Minority Leader Kevin McCarthy (R-Calif.) said he was appalled that Democrats added $40 million to a subway near Speaker Nancy Pelosi’s district overnight in the House Rules Committee after criticism of $100 million earmarked for the project in an earlier version of the bill.

House Republicans on Friday will force a vote on redirecting the total $140 million and toward mental health grants for students impacted by the pandemic, he said Friday.

“Our proposal would shift the first $100 million and now the extra $40 million that was added overnight that was allocated to Nancy Pelosi’s subway to grants that would be used for mental health for children,” McCarthy said at a press conference.

The funds for an underground rail line from San Francisco to Silicon Valley are the most prominent example of pork decried by conservatives opposed to President Biden’s $1.9 trillion relief bill, which is expected to pass the House on Friday night.

McCarthy said the funds weren’t directly linked to COVID-19 and must be removed.

Kevin McCarthy
Kevin McCarthy and House Republicans are hoping to force a vote on redirecting the total $140 million and toward mental health grants.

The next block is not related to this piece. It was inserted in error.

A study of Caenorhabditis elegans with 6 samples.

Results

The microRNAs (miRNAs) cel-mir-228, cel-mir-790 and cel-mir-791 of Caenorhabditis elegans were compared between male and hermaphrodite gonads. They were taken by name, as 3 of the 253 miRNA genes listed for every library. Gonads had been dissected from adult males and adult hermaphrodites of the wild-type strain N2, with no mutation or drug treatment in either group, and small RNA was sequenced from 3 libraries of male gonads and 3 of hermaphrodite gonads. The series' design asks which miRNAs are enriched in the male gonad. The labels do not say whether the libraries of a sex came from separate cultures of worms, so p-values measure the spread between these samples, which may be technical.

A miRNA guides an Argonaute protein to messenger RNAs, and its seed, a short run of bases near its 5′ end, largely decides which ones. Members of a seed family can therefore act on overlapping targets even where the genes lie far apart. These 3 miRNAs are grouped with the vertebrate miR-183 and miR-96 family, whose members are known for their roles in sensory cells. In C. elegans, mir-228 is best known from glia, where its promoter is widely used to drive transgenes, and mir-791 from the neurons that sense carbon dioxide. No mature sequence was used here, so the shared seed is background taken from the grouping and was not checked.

J. Scott Applewhite/AP

“Let’s provide those resources to the families so they can get the help for the anxiety, the depression, for children who are suicidal. That’s COVID. That’s dealing with relief. That’s what the American public wants to see,” he said.

The amendment will be included in a Republican “motion to recommit” before final House passage of the bill. It’s likely to fail largely along party lines.

Nancy Pelosi
House Republicans are hoping to force a redirect on Nancy Pelosi’s subway funds to grants used toward mental health.
Ron Sachs/CNP

The House bill still has a $15 minimum wage hike, which won’t be allowed in the Senate version of the bill, the upper chamber’s parliamentarian said Thursday night. That means the House must likely pass the bill twice before it reaches Biden’s desk.

Republicans argue that the vast majority of funds in the bill won’t directly address the pandemic.

For example, the Congressional Budget Office estimates that about 95 percent of the bill’s $129 billion for K-12 schools won’t be spent in 2021, in part because funds approved for schools last year haven’t been spent.

The bill includes $1,400 stimulus checks for adults who earn less than $75,000 annually and extends through August at $400 per week a federal unemployment insurance subsidy.

The bill also has $350 billion in aid for state and local governments. New York City is expected to receive about $5.6 billion if the bill passes. The state government would get about $12.7 billion, according to estimates released by Rep. Carolyn Maloney (D-NY).

Republicans say the bill should be much smaller and say they are concerned about adding to the almost $28 trillion national debt so soon after passing a $2.3 trillion government funding and COVID-19 relief bill in December.